Saturday, June 22, 2024
Ice fishing on Lake Monona

A fisherman inspects the thinning ice before he chooses his spot. 

PFAS threaten Monona’s fishing culture

As the weather warms and the ice surrounding Madison’s isthmus begins to thin, ice fishermen come from far and wide to cast their line before spring arrives. 

But recent news from the Department of Natural Resources may have some fishermen scaling back on fish fries.

Increasingly high levels of the toxic chemicals PFAS (per- and polyfluoroalkyl substances) were found in Monona Bay, a popular spot for recreational fishing for the Bayview neighborhood, according to a DNR report released January 21st. The concentration of PFAS — a group of human-made chemicals used in products such as non-stick cookware and some types of fire foams — was found to be highest in Lake Monona of the lakes in Madison at 7.26 ppt (parts per trillion). 

And this buildup of chemicals has affected the entire ecosystem of the lake, including the fish.


A fisherman watches his line.

Stephan Reinke, the general manager of Brittingham Boats, a boat rental service on Monona Bay, has lived in the Madison area for his entire life. He’s been fishing on the bay since 1991, but has stopped eating his catch due to the PFAS build-up.

“Instead of going to after-school when I was in kindergarten in Franklin Elementary, a friend of mine and I would grab sticks with strings and go fish on the rocks by the bay,” Reinke reminisced. “I don’t eat fish out of the bay anymore since [PFAS is] a forever chemical; it doesn’t go away.”

PFAS do not break down in the environment. They bioaccumulate in fish and wildlife tissues, and in the human body. The Environmental Protection Agency has found increased cholesterol levels among populations exposed to PFAS, with more limited findings related to low infant birth weights and effects on the immune system. Cancer has been linked to PFOA exposure and thyroid hormone disruption to PFOS — the most extensively produced and studied PFAS chemicals.

Reinke explained that since Monona Bay is one of the first bodies of water in Wisconsin to freeze over in the winter and one of the last to thaw, it’s become increasingly popular with ice fishermen.

In particular, Reinke said it becomes “Wisconsin’s hottest bluegill pan-fishing spot.”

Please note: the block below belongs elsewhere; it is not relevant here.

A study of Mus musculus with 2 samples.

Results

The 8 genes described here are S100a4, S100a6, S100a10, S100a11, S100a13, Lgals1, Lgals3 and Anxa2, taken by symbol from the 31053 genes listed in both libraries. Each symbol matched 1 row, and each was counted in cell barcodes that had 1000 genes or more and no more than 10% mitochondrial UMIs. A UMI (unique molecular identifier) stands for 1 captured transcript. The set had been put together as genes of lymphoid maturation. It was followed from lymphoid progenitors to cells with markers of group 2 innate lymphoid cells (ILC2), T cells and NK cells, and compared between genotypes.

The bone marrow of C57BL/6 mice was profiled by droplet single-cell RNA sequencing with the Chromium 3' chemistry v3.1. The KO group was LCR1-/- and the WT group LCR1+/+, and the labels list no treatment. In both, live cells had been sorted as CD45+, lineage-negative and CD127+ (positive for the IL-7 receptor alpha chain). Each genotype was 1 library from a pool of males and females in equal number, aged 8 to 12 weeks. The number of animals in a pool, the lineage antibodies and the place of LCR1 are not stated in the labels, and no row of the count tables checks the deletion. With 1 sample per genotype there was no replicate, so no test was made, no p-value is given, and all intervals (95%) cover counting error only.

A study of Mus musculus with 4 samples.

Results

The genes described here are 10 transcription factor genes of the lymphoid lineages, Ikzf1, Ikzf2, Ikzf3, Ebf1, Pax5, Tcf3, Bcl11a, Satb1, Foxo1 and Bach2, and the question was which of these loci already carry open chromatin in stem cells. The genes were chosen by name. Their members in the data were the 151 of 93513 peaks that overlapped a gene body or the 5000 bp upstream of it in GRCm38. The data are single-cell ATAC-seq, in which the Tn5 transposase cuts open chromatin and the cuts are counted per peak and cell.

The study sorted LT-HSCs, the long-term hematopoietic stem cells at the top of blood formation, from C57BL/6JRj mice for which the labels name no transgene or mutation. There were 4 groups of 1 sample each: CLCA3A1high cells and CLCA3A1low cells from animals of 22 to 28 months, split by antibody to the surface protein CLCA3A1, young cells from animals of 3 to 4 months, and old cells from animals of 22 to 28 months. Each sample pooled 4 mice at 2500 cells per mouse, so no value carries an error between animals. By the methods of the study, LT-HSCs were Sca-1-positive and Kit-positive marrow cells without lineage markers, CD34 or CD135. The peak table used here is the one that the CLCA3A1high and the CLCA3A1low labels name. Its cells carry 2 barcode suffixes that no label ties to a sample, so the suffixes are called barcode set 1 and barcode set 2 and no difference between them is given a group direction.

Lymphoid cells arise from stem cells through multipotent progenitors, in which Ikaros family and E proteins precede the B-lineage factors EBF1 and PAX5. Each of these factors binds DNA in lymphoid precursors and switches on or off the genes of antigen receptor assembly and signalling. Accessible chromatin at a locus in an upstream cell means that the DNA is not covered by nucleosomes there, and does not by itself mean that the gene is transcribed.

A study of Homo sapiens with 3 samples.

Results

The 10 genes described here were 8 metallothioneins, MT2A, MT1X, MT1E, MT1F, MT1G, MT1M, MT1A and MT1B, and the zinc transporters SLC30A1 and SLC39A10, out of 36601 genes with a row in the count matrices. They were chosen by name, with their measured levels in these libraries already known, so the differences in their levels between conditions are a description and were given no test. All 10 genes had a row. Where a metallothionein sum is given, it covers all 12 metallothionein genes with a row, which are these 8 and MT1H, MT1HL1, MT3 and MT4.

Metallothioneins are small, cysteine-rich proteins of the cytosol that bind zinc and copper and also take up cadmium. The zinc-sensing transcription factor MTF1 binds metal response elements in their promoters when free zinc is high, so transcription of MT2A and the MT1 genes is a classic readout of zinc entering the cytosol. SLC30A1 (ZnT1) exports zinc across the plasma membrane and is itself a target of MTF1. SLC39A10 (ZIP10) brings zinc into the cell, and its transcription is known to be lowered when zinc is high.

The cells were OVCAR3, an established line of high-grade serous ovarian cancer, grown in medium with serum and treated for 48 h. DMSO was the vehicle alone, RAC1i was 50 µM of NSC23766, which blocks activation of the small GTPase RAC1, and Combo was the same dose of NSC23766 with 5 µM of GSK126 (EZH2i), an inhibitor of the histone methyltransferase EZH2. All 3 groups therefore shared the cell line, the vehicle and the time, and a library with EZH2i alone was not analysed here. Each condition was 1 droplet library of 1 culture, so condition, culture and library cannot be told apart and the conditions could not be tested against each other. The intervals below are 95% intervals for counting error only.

Winter isn’t the only season that fishers flock to Monona. At any time of the year, you can see fishermen dot the shore of the bay. For some, it's an important source of food. According to Reinke, Monona Bay feeds a lot of the families in the Bayview neighborhood, which is across from West Washington Ave. He recounted how people from the Hmong community fish at night, using illuminated bobbers off of the train tracks that run through the bay.


Despite the dreary weather and dark skies, fisherman still dot the ice over Monona Bay.  


The fish recently collected by the Wisconsin DNR from June to October in Monona Bay contained up to 110 ppb of PFOS, the Wisconsin State Journal reported. The DHS and DNR advisory recommends against eating fish with PFOS concentrations higher than 200 ppb. The recent health advisory suggested limiting fish intake caught in Lake Monona and Starkweather Creek to one meal of bluegill per week, and any other fish to one meal per month. For pregnant people, the advisory suggests not to eat any fish at all.

But the recommended portion sizes are not nearly enough to fill someone up. Reinke said that to actually have a good meal, he has to eat four or five bluegills in one sitting. 

“One bluegill is not enough for anybody,” he stated. “If you ripped a dollar bill in half, and ripped it again lengthwise, that’s the size of filet that you get.”

Bluegills are safer to eat than other fish in the bay because they only live up to five years. Their shorter lifespans mean that they don’t have as much time to accumulate PFAS in their tissue, whereas other fish, such as carp, can live 20 years. A largemouth bass with a lifespan of 16 years that was caught off of Atwood Ave. and tested by the DNR in 2020 was found to contain 180 ppb of PFOS, just 20 ppb shy of the state’s recommended limit. The more of these PFAS-containing fish that people consume, the higher risk of health problems arise, such as higher cholesterol, negative effects on the immune system and even cancer.


As the ice begins to melt around Monona, dead and mangled fish float to the surface. 

According to the DNR, PFAS contaminates bodies of water, soil and groundwater in Madison. The Public Health of Madison and Dane County stated that in Madison, known sources of PFAS contamination are the Truax Field Air National Guard Base and the Regional Airport due the use of firefighting foams at their sites, as well as landfills and other businesses and manufacturers.

Although there are multiple sources of the PFAS, much of them are suspected to come through stormwater from the Dane County Airport, where they travel through Starkweather Creek into Lake Monona. The chemicals have been detected in every lake in Madison, but have most severely impacted Lake Monona.

Reinke recalled a chemical fire off of Badger Road in Madison in 2016 where PFAS foam was used to extinguish the fire, and traveled through rainwater into Monona Bay. 

“I noticed, and weed harvesters on the bay [said to me], ‘I’ve never seen so many dead turtles in my life. We were scooping them out with rakes and shovels. It was probably 50, 60 dead turtles in the week after that fire,’” Reinke recalled. 

The DNR report says that they are currently investigating the sources of the PFAS and working on how to prevent these issues in the future. According to the PHMDC, work is underway with the DNR, Wisconsin Air National Guard, Dane County and the city of Madison to address the PFAS contamination in the water in the area.